PETA says that using dogs to hunt and pin down feral pigs – was “insanely cruel” for all animals involved.
PETA says that using dogs to hunt and pin down feral pigs – was “insanely cruel” for all animals involved.

Call to ban cruel ‘blood sport’ in Far North

ANIMAL activists want pig dogging banned in Queensland, claiming the "blood sport" is cruel to dogs and feral pigs.

Sydney-based group People for the Ethical Treatment of Animals (PETA) launched a campaign this week encouraging the public to write to Queensland Agriculture Minister Mark Furner, urging him to take immediate action to ban pig dogging.

PETA outreach and partnerships manager Emily Rice said pig dogging - using dogs to hunt and pin down feral pigs - was "insanely cruel" for all animals involved.

 

Hunter pig-dogging at an unknown location. Photo: PETA
Hunter pig-dogging at an unknown location. Photo: PETA

"Terrified pigs are savaged and sometimes even mauled to death by training dogs, if not found quickly by the hunter, who then stabs or shoots them," she said.

"The dogs are also often hurt after facing pigs, much larger than themselves."

She said trapping and then euthanising was one of the most effective, humane and environmentally friendly techniques for reducing feral pig numbers in the Far North.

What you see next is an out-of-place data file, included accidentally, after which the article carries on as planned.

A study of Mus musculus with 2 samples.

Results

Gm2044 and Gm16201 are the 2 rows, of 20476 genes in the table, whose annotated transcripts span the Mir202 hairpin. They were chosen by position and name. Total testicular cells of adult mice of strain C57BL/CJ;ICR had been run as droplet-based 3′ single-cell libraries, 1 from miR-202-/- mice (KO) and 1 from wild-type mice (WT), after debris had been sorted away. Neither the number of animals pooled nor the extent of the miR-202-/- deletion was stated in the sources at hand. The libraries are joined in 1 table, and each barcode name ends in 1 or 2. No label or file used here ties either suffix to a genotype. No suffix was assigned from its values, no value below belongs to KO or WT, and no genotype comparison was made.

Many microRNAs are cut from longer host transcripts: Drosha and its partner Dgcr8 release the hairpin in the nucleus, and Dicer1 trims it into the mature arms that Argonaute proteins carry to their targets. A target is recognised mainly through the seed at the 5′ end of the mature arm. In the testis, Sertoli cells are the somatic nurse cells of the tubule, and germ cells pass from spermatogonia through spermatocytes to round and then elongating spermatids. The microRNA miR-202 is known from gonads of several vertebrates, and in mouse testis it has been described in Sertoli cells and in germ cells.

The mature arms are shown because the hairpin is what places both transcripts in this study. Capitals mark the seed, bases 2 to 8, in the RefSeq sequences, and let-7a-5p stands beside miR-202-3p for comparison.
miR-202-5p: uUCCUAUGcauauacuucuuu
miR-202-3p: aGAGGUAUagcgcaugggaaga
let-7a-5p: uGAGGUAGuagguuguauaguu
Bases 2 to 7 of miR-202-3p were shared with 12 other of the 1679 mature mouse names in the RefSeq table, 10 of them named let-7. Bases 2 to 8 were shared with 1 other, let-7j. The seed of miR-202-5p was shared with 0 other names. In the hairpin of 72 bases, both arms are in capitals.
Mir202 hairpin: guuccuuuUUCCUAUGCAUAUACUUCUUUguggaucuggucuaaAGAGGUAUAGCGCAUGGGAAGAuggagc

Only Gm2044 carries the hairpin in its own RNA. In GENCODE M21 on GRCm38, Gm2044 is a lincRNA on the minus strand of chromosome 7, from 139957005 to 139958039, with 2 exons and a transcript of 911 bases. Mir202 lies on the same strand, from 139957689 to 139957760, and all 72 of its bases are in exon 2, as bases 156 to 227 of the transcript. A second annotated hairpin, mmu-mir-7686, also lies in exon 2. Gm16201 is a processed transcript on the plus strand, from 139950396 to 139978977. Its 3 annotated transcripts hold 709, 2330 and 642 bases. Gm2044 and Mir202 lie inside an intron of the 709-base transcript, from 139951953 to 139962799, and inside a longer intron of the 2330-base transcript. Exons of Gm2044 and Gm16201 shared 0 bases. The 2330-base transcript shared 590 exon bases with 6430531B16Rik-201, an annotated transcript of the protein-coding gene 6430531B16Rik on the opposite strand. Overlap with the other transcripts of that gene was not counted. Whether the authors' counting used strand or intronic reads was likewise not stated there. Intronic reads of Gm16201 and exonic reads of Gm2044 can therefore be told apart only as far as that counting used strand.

"Instead of allowing hunters to torment and torture animals in some misguided idea of conservation, the government must fund programs to address the problem without causing so much suffering to both pigs and dogs," she said.

"Making a sport out of the slow and painful deaths of animals is abhorrent."

Innisfail banana farmer Jonny Filby (right) with his pet dog he takes pig hunting
Innisfail banana farmer Jonny Filby (right) with his pet dog he takes pig hunting

 

The Department of Agriculture and Fisheries estimates there are up to six million pigs statewide, with the majority in northern Queensland.

Innisfail-based banana farmer Jonny Filby said pig dogging was the most efficient and cost-effective method of controlling feral pigs on his 181ha property, with the animals causing thousands of dollars of damage to his farm each year.

"I can go out with my dogs on my farm tonight and get 10 pigs in one night," he said.

"If I set a trap, I might get just one."

He said many farmers would be willing to use more traps if feral pig control programs were better funded by the State Government.

However, he warned the invasive animals were very intelligent and trapping them was a challenge.

"If one gets caught in a trap, the other pigs know what that metal box does," he said. "You won't get those other four."

 

MINISTER'S RESPONSE

Minister for Agricultural Industry Development and Fisheries Mark Furner. PICTURE: STEWART McLEAN
Minister for Agricultural Industry Development and Fisheries Mark Furner. PICTURE: STEWART McLEAN

Agriculture Minister Mark Furner says landholders are legally obliged to manage the impact of feral pigs on their properties, but the animals' welfare must be considered and feral pig control practices must comply with the Animal Care and Protection Act 2001.

"Under the Act, people can use dogs to hunt feral pigs provided it is done in a way that causes the animals as little pain as is reasonable," he said.